The physics behind trackball inflation

Okay, it starts with a simple question:

Does the trackball weight change when you inflate it?

My team had a fairly heated argument about this, and somehow I suspect we weren’t the only ones. At any rate, to avoid further misunderstandings, let this post try to quash some of the debate about trackball weight vs. inflation:

  • An uninflated trackball consists of just the skin.
  • An inflated trackball consists of the skin plus a large quantity of air.

Since air does have mass, this increases the mass of the trackball.

  1. The density of air at sea level pressure and 20 degrees Celsius is approximately 1.2 kg per cubic meter.
  2. The trackball contains about 0.55 meters of air (radius = 20 in = 0.508 m, volume of sphere = 4/3 * pi * r^3 = 0.55).
  3. Mass = volume * density, so 0.55 cubic meters * 1.2 kg per cubic meter = 0.66 kg.
  4. On Earth, this translates to about 1.46 pounds of additional weight.

HOWEVER, the additional weight (downward force) of the air in the trackball is completely negated by the UPWARD BUOYANT FORCE of the atmosphere on the ball assuming that the trackball is inflated to the same pressure and temperature as the surrounding air.

On buoyant force: basically, the scale doesn’t measure extra weight because when you put extra air inside the trackball, you’re causing it to displace the same volume of air that would otherwise be weighing down on the scale anyway. The scale doesn’t care if the air is inside the trackball or outside it.

THEREFORE, the only way inflating your trackball can cause it to weigh more is if the trackball actually contains more air mass-wise than the volume of air it displaced. For this to happen, the air in the trackball must be at a greater pressure than the outside air.

Pressure and amount of gas are directly proportional thanks to the ideal gas law (pV = nRT, where p is pressure and n is amount of gas), so if your trackball is inflated to twice atmospheric pressure, it will contain twice the amount of gas and thus twice the extra mass. Since you now have 2 masses of air, the weight is twice as much (about 3 lbs) whereas the upward buoyant force (based on the volume of air displaced) remains the same at about 1.5 lbs. Therefore the net added weight (downward force) would be about 1.5 lbs.

There’s a pretty good walkthrough expressing these principles with a similar situation at this site:
http://rabi.phys.virginia.edu/105/2006/ps5s.html

So, the gist of this argument is that:

  • It’s perfectly possible for an inflated trackball to weigh exactly the same as it did uninflated (if it’s inflated to atmospheric pressure).
  • The above trackball still has a greater mass, meaning it would be slightly harder to accelerate.
  • It’s also perfectly possible for a trackball to weigh more when inflated (if it’s inflated to above atmospheric pressure).
  • All the same, it’s unlikely that you could get your trackball to weigh 10 pounds if the skin only weighs 7 (that would require inflating it to 3x atmospheric pressure, or 45 PSI).

Okay. Sorry to wax a bit verbose, but I wanted to create a thorough explanation to help clear up ANY doubts about this issue, since there seem to be a fair number. Hope this helps people understand the science behind the problem. I tried to be as careful as possible, double-checking and citing my work, but if I’ve made any mistake please correct me. Thanks.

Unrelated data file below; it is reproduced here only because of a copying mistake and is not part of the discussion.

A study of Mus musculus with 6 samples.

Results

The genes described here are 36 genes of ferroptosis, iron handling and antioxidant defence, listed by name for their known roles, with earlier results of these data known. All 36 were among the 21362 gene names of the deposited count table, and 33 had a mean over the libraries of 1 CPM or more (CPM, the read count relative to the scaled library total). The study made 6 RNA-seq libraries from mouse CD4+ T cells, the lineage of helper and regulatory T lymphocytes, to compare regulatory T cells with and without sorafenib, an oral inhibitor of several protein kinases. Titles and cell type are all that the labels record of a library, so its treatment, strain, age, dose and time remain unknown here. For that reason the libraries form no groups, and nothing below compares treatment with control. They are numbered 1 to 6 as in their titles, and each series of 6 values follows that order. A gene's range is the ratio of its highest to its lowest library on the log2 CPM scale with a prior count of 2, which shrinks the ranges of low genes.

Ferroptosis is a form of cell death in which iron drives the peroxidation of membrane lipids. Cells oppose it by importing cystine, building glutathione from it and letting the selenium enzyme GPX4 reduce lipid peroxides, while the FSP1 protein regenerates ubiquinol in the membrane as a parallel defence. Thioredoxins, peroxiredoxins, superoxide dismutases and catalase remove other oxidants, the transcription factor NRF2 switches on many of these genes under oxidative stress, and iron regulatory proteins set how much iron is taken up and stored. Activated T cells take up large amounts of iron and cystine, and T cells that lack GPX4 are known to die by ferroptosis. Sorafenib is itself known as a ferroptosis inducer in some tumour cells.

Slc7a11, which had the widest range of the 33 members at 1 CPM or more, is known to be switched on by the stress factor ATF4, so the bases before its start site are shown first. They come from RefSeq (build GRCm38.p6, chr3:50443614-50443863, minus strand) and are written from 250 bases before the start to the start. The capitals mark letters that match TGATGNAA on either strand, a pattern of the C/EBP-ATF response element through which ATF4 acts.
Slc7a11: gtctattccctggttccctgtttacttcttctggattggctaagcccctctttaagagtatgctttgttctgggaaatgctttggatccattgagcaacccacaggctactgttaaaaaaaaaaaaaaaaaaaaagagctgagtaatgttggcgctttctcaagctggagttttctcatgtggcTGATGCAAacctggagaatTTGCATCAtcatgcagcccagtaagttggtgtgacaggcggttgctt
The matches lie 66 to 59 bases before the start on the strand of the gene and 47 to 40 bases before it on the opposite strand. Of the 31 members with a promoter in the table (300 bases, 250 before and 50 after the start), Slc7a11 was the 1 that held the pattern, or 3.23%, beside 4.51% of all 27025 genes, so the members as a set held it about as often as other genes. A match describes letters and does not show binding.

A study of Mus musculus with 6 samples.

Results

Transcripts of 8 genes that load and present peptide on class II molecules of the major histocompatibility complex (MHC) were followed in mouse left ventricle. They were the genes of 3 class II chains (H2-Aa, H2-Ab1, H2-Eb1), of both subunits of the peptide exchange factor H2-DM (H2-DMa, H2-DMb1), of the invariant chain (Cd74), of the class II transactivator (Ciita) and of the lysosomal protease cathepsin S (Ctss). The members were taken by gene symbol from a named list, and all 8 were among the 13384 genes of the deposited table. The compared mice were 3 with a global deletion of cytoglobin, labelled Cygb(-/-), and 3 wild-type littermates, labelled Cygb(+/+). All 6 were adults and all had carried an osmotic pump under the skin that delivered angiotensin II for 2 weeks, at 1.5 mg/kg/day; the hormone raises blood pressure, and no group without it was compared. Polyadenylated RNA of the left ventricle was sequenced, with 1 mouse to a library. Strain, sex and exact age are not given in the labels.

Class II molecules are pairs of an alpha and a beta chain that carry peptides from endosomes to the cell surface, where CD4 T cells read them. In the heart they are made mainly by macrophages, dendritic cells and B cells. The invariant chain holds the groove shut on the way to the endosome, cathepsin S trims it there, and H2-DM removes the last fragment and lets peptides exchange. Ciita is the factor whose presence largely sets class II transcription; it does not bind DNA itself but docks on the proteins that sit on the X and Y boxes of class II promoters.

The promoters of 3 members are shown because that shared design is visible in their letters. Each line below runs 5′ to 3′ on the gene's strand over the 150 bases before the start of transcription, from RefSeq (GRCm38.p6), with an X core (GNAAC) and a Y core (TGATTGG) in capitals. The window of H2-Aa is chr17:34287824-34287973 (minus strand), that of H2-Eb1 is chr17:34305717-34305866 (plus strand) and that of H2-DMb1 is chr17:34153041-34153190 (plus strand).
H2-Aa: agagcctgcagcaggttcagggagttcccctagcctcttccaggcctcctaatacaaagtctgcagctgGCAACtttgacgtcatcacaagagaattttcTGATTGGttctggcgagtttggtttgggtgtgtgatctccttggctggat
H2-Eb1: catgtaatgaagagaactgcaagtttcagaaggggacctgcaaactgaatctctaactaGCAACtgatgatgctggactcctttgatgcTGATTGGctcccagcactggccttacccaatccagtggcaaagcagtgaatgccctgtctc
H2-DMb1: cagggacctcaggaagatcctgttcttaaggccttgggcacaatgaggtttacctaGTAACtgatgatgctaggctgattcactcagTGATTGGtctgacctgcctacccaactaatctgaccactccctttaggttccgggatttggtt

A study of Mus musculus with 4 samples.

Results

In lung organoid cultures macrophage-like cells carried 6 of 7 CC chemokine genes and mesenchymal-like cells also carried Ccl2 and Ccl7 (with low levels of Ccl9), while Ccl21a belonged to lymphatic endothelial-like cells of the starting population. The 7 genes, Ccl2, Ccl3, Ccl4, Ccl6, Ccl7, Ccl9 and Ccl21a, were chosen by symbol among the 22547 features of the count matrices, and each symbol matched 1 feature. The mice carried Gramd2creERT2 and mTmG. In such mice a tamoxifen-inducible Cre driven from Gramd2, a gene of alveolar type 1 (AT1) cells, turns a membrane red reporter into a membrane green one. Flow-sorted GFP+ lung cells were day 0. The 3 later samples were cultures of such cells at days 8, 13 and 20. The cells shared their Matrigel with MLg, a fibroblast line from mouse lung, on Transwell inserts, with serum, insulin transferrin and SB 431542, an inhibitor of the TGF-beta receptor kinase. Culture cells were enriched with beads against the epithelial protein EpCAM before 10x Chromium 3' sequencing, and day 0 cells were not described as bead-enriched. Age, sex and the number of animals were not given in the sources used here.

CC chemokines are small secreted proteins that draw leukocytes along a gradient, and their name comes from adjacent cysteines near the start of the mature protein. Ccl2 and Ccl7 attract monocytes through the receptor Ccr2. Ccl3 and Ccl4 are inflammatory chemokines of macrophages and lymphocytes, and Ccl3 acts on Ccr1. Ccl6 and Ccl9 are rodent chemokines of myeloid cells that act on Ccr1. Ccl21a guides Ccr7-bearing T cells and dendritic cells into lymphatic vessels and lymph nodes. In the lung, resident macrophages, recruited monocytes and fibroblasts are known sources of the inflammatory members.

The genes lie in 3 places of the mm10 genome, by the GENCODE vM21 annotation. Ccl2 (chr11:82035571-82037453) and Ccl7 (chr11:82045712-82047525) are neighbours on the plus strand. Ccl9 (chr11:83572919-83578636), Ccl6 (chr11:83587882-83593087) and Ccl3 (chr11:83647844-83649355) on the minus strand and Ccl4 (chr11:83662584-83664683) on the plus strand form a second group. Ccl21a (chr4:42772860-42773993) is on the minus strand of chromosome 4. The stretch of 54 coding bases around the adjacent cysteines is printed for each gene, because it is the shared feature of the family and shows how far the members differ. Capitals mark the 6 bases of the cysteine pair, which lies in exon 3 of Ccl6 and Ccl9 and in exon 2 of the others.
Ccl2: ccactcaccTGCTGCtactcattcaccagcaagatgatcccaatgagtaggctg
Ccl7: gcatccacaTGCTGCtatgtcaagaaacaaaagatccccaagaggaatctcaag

Sounds pretty good to me, I don’t claim to be an ball pressure-weight expert, but I have do have a degree in physics and have taught physics for 14 years and would give you an A for your presentation of the situation. You could’ve have got an A+, but you missed the part about the difference in composition of the gas inside the ball and the surrounding air (the compressor may add a few dirty molecules). But seriously - you summed it up nicely!!

We weighed our ball, inflated to 40" in size, and it came out to about 7.2 lbs. After reading the manual, it said it will weigh 10 pounds. I thought our scale was off or needed to be calibrated, but I think your findings support our scale’s reading.

well in theory with the added weight of the skin any air on the inside would be compressed past 1 atm (~14.7 psi) (PROOF: unplugging a partially inflated ball will still deflate signaling that the interior pressure was greater then the exterior.) so any inflation would add mass, but should be negligable till ball reaches maximum volume, dictated by the material’s elastic constant.

(I always love myself a good debate :slight_smile: )

The pressure cs. diameter function is probably highly non-linear once you reach the size of the nylon and start trying to expand that. All the same we whipped out a ball pump to hook up to the trackball after it was inflated and it read something less than 2 psi. Probably 1. So there will be some additional weight. I imagine the manufacturing variances will compound the weight fluctuations from air pressure with slightly thicker, heavier balls requiring even more air to inflate. Overall, though, I wouldn’t expect for than +/- .25 lb variation out to 3 SDs

The mass of the air inside the ball could make a difference in a design that “shoots” the ball…that’s a significant added load…that I had not thought of!

thanks for the lesson!

i just fill it up ,weigh my self, then weigh myself while holding the ball and take the diffrence… easy math for us k.i.s.s people :wink: … then to double chech take a string and take the circumfrence and divide by pi… easy enough to the point of i have a 10lb 40 in diamater trackball :cool:

i just fill it up ,weigh my self, then weigh myself while holding the ball and take the diffrence… easy math
But you have to move the ball, too. For that you’ll need to know the mass, as described above.